My First Year Of Blogging

Sometimes-burning-bridges-isnt-a-bad-thing

A year ago today, I wrote my first blog, even though I was sure it would be an exercise in futility. Because that’s what being a writer is largely about. I don’t mean to be negative, but a large part of being a writer is about rejection. So I was ready to have my blog spurned. I didn’t think anyone would read it. Based on decades of trying to push my writing on people with little success, it would be crazy to think this would be different. No, like nearly all of my writing, it would be ignored, unread, unwelcome, just more verbage tossed on the old word pile.

6256130025_79e67c2556_bBut that part didn’t bother me. I’ve been rejected by women, friends, employers, and credit cards, and my writing has been rejected by lots of magazines and publishers. I’ve been rejected so many times, I’ve accepted rejection.

I had a hard time coming up with a name for the blog. I tried a bunch and they were already taken. I ended up calling it bridgesareforburning, because I think I’ve burned quite a few bridges in my life, so many that I’m no longer allowed to play with matches. Actually, I took the name from a song, Walking Man, from one of my favorite songwriters, James Taylor.

I started the blog for three reasons. First, and foremost, an angel named Madison Woods invited me to join a group called Friday Fictioneers and you had to have a blog to participate. It was a group of writers from all over who write a weekly flash fiction story of 100 words based on a photo Madison posted on Wednesday. Then we read each other’s stories and offer comments. It sounded like fun and I decided to join in. I’m always trying to figure out a way to coerce anyone with brain activity into reading my drivel and the Friday Fictioneers sounded promising. It has proven to be as much fun as riding a roller coaster naked.

Secondly, I thought my blog could be a kind of journal, a place I could spew my endless opinions about everything. If nothing else, it would maybe relieve others of having to listen to me rant and rave about all the things that drive me crazy. I could blow off steam on the blog, relieve some pressure, get it out of my system.second-thought-burning-bridges-demotivational-posters-1346154076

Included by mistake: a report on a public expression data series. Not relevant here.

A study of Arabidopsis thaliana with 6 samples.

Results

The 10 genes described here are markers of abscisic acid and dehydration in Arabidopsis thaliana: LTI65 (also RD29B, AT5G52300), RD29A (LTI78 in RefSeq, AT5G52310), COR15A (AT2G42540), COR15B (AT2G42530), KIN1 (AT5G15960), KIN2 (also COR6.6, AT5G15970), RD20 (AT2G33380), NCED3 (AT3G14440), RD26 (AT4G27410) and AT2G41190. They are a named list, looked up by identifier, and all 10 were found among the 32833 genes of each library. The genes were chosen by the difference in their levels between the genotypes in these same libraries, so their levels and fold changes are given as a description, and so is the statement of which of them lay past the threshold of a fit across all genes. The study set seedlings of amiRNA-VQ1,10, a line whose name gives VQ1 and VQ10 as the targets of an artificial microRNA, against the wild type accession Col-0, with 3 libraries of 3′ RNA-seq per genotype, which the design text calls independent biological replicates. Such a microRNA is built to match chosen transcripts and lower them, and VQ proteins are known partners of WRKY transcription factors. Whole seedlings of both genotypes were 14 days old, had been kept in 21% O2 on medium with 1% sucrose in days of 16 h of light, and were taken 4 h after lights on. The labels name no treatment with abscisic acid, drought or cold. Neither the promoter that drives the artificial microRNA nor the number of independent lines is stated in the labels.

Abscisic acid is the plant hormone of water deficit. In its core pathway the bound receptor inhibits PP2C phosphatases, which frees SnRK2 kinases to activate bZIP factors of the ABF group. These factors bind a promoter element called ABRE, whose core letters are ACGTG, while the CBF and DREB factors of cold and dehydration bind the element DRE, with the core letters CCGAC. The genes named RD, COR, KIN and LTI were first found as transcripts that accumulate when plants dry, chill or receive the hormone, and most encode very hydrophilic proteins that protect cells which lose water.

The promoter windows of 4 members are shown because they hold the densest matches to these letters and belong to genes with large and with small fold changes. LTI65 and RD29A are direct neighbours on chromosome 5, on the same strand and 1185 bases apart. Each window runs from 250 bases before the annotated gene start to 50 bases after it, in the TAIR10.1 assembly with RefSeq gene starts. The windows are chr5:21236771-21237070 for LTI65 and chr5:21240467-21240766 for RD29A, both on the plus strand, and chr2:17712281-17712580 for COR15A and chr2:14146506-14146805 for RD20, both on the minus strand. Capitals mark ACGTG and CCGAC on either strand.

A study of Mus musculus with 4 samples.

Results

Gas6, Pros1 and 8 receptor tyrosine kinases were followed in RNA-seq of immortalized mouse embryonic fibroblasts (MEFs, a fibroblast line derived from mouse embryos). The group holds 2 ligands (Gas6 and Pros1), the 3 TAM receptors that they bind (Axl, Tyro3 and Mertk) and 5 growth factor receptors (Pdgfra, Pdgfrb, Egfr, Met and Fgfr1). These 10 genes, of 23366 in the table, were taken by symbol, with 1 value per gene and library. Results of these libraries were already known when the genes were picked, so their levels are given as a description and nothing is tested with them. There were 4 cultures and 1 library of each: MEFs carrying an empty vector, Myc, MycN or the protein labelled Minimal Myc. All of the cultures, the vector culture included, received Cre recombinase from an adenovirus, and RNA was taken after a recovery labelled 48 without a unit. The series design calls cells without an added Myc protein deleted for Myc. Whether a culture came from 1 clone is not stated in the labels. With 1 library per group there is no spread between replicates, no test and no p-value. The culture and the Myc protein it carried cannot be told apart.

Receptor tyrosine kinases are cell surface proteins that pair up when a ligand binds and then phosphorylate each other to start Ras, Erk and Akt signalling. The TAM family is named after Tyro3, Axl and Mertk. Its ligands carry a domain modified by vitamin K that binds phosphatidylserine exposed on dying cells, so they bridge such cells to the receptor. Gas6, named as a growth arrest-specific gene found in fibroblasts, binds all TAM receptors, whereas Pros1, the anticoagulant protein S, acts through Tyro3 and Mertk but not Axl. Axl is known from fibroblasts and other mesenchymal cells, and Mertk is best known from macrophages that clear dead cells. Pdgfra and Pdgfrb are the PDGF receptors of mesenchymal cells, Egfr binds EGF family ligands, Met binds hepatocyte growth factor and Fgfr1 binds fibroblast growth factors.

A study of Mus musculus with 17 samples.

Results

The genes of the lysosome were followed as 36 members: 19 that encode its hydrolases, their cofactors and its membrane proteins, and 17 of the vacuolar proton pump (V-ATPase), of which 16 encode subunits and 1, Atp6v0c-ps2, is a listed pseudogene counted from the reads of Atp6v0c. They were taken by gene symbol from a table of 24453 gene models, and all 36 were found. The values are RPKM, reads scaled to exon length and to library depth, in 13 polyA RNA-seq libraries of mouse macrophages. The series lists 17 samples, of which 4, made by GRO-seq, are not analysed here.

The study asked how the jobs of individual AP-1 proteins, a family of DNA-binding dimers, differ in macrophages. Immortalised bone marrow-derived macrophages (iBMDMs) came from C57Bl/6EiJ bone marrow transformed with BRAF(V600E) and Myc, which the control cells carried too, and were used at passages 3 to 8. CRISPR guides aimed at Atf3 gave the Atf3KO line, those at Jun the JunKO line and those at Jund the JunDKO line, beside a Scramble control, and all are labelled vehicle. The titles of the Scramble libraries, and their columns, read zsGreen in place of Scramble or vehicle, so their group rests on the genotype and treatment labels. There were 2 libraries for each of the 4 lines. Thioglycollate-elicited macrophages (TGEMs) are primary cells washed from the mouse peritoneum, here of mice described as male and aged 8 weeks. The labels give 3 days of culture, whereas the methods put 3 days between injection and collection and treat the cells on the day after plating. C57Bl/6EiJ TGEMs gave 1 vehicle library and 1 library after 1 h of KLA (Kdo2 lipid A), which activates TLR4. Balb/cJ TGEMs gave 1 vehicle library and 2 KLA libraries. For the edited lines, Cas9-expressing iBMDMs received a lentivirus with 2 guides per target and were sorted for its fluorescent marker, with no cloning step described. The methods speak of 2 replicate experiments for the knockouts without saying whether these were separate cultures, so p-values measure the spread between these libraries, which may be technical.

Also, as a kind of journal, I thought it might turn me into some kind of Emily Dickinson. She never got any recognition in her lifetime, but now, she’s an icon. Sure, nobody was going to read my blog, but maybe someday, when archaeologists were trying to re-create the history of the twenty-first century, maybe they’d come across my blog, and I’d have recorded something there that was helpful in understanding this ridiculous time in which we live in world history. One thing about the internet is that anything you say has a kind of permanence. It never goes away. Or at least it hasn’t so far. It’s a kind of immortality, in a way.

So it came as a complete surprise when visitors started showing up at my blog and reading my writing. And these weren’t just Jehovah’s Witnesses and Mormons showing up at my door because they were obligated to try to save my soul. These were real readers whose only agenda was that they wanted to read what I wrote.

I’m not sure why this happened, but I think  it was because suddenly the middleman was removed. There was no editor, gatekeeper, publisher, or censor blocking people from my writing. I took my words directly to the people, and the people came.

6252782872_183e5a640e_bAbout half of my posts have been the weekly flash fiction, but the other half have been all over the map. I’ve written about books, movies, television, all kinds of things that bug me, personal experience, music, my roots, language, all things that are important to me. It’s been gratifying, engaging and uplifting all at the same time.

My only regret is that I didn’t start blogging sooner. This will be my 97th post, not bad for my first year. And as of this writing, I’ve had about 8,100 visitors to my blog. I know bloggers who have lots more, but I think this has been a good start. My visitors came from 81 different countries worldwide.

So I’m launching into my second year of blogging with great hope. I know I’ll never run out of stuff to complain about, or books, movies, TV and  music to analyze, or exhaust my feelings on the absurdity of the human situation.

For maybe the first time, I feel like a have a voice, and somebody is listening


  1. I’m so glad you decided to take the leap and start your blog, and I’m pleased to have been a catalyst for your growth 🙂 I hope you and your family have a year full of wonder and awe and that your writerly connections are a bridge you never burn 🙂 You, and everyone I’ve had the good fortune of meeting over the year before have been much-needed catalysts in my own growth too.